On the Narrow Road to the Interior

I will be writing from Japan over the next weeks, thanks to The Newman Exploration Center and a Newman Exploration Travel Fund Grant, funded by the Eric P. & Evelyn Newman Foundation, at Washington University in St. Louis.

My main activity will be to walk a segment of poet Matsuo Bashō’s journey along the “Narrow Road to the Deep North,” or “Narrow Road to the Interior,” as different translations call it, in northern Honshu.

In 1689, Bashō, a poet now known primarily as the master of the haiku/hokku form, walked nearly 1,500 miles in what was then Japan’s wilderness—to his own interior, as he says—with the goals of visiting places where previous poets had written, witnessing layers of time, and finding “eternity in the transient world.”

Donald Keene, the “dean of Japanese literature scholars,” who passed away just this year, calls Bashō’s book “the most popular work of Japanese classical literature. More people know this work than any other in Japanese literature. I don’t think you can find a Japanese who has not at least had some exposure to it because of its peculiar attraction—the beauty of the poetry, the sensitivity to the different landscapes that he traveled across, and the atmosphere engendered by Bashō the man himself.”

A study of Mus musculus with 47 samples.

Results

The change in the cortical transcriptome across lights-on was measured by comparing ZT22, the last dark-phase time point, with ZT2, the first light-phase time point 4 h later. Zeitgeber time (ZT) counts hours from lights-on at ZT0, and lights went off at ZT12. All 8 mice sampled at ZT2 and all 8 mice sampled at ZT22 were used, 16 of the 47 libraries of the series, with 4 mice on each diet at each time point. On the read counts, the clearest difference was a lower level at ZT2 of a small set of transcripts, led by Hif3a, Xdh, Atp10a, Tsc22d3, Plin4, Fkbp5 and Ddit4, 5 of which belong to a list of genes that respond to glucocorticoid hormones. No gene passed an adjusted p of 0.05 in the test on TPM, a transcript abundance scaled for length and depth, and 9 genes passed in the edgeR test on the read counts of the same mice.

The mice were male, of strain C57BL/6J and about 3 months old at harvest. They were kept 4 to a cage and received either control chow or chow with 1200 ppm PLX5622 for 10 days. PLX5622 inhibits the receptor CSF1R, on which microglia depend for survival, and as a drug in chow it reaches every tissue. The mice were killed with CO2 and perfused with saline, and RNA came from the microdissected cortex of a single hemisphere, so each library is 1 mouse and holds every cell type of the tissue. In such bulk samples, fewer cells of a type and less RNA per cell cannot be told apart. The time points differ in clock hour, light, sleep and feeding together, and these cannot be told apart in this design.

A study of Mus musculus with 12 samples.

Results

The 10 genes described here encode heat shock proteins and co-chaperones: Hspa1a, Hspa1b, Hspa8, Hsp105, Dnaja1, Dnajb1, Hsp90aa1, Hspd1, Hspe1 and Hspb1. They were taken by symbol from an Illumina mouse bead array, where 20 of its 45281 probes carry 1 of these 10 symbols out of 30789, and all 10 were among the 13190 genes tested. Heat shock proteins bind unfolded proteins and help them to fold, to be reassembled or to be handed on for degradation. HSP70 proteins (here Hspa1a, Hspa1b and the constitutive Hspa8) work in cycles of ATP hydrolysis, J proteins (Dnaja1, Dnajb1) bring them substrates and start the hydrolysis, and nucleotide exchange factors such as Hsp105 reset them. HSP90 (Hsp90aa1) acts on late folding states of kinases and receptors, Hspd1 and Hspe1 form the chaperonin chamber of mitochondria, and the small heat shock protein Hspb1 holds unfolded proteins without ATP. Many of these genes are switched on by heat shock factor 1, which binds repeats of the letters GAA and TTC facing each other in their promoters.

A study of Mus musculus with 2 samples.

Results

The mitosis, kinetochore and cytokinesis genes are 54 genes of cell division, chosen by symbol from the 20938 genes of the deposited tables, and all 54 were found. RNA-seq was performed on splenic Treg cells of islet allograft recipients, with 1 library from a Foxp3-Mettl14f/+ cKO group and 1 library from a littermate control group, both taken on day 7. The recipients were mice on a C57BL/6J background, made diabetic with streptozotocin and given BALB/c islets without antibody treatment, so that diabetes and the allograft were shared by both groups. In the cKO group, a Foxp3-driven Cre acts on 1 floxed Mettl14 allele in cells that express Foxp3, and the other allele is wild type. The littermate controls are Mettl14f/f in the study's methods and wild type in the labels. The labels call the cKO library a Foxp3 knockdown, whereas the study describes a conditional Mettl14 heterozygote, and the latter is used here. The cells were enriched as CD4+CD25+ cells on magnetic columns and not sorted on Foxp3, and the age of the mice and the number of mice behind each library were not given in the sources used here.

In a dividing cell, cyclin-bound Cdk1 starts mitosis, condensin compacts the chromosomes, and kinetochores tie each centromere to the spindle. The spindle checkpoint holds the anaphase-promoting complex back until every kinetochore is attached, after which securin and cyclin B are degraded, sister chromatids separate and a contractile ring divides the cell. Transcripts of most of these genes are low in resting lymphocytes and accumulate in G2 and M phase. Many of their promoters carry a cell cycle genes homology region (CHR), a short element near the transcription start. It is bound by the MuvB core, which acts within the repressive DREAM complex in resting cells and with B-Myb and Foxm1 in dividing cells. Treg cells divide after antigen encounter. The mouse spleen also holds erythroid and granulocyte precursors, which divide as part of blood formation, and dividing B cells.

Bashō has been important in my writing and reading life. He came into our culture through Modernists such as Ezra Pound and the Imagist poets, and aspects of his style and worldview can be found in the work of poets and writers such as William Carlos Williams and Ernest Hemingway. These qualities have in turn been channeled into dozens of contemporary writers, such as Lucia Berlin and Denis Johnson. Literary layering, which transcends chronology and nationality, is our legacy.

My self-guided walking tour goes from Sendai to Yamadera. Afterward I will visit Tokyo and Kyoto, the former seats of imperial power (and cities where Bashō lived), and Hiroshima. I am especially interested in recent layers of technology that Bashō’s time could not have imagined—bullet trains, the Toyota plant, nuclear energy and warfare—that overlay a landscape he might often still recognize. What I expect to find on this trip and in my reading is movement, from individual to culture, from specific to general, and back again. I expect to find relational meaning—metaphors.

Haruo Shirane says, “In Narrow Road to the Deep North, the journey becomes the great metaphor. Travel is life. Life is travel. There’s no end to travel; you die on the road, you’re born on the road. And the road takes on several kinds of meanings. But it’s a difficult journey, that’s the narrow road.”